It was predicted to be one of the most political Oscars awards shows ever.
In the end, there were no fireworks on Hollywood’s biggest night.
The Time’s Up movement – which the organisers had promised would feature but not dominate – ran as a seam throughout the show.
:: LIVE – Oscars after party gets going at Vanity Fair
The issues of harassment and mistreatment, dragged into the limelight by the Harvey Weinstein scandal, have been impossible to ignore this awards season.
Host Jimmy Kimmel’s opening monologue – suggesting the Oscar statuette was the least threatening male in Hollywood – showed the industry is ready to laugh at the scandal which has rocked it to its core.
But the presence of Time’s Up grandees Ashley Judd, Annabella Sciorra and Salma Hayek was a powerful and defining statement that the cultural shift is built to last in Hollywood and beyond.
:: Who won what? The key winners
Talking of powerful, Frances McDormand used her platform as winner of the Oscar for best actress to call on her fellow female nominees to stand and take a bow – and pushed them to call for an equal deal.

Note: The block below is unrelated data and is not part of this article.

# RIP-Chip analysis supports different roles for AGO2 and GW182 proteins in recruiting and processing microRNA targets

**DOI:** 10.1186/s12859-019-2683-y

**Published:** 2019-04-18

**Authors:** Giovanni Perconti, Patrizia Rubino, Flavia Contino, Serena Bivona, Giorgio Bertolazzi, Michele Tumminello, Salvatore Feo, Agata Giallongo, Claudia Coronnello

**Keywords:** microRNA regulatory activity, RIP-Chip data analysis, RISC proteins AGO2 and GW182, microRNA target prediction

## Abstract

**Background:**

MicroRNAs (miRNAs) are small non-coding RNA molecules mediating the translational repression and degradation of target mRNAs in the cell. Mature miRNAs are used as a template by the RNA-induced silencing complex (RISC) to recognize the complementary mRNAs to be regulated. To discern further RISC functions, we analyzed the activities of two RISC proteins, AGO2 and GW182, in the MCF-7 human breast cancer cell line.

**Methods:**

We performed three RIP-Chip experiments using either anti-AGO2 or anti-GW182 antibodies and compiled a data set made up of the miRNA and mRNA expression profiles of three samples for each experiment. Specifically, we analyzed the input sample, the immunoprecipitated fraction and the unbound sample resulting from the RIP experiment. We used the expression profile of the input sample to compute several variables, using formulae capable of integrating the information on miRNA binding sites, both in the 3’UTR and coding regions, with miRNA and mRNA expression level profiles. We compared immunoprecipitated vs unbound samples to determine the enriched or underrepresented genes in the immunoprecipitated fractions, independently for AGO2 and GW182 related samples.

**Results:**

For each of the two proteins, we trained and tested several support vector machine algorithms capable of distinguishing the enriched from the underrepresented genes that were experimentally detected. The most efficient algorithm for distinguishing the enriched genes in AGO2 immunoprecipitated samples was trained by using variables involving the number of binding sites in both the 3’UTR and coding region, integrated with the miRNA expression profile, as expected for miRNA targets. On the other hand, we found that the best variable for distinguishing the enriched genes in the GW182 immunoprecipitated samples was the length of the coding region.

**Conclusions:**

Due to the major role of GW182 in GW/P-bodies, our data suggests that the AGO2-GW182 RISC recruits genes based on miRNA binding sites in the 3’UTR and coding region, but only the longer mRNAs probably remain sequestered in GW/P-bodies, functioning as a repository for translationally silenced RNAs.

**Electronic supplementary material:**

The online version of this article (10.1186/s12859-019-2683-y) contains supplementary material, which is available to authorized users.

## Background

On the subject of the treatment of women, one off-note for the Academy was the win for basketball legend Kobe Bryant. A petition had called for him to be withdrawn over a sexual assault case 15 years ago.
Last year we expected Donald Trump to dominate the Oscars. This year, there were brief nods to immigration and the status of the so-called “dreamers” but the tone was moderate.
The gimmick of taking stars to surprise cinema-goers in the theatre next door was cute but it is not what will live in the memory.
One highlight for film fans will have been the win, at the 14th attempt, of a first Oscar for British cinematographer Roger Deakins.
The presence of director Greta Gerwig and cinematographer Rachel Morrison as nominees was rightly noted as historic but there were not the wins to take it to a new level.
Similarly, the progress the Academy has made on diversity was recognised, but there is no doubt there is much further to go.
For many, the double act of Tiffany Haddish and Maya Rudolph on the issue of race in Hollywood will have been a highlight.
And it was Jane Fonda and Helen Mirren who summed up that other theme of the night.
They spoke of the cultural change during their lives “in society and now, between women and men, in public and in private” and received a rapturous reception.
Hollywood is certainly changing and they hope it is changing for good.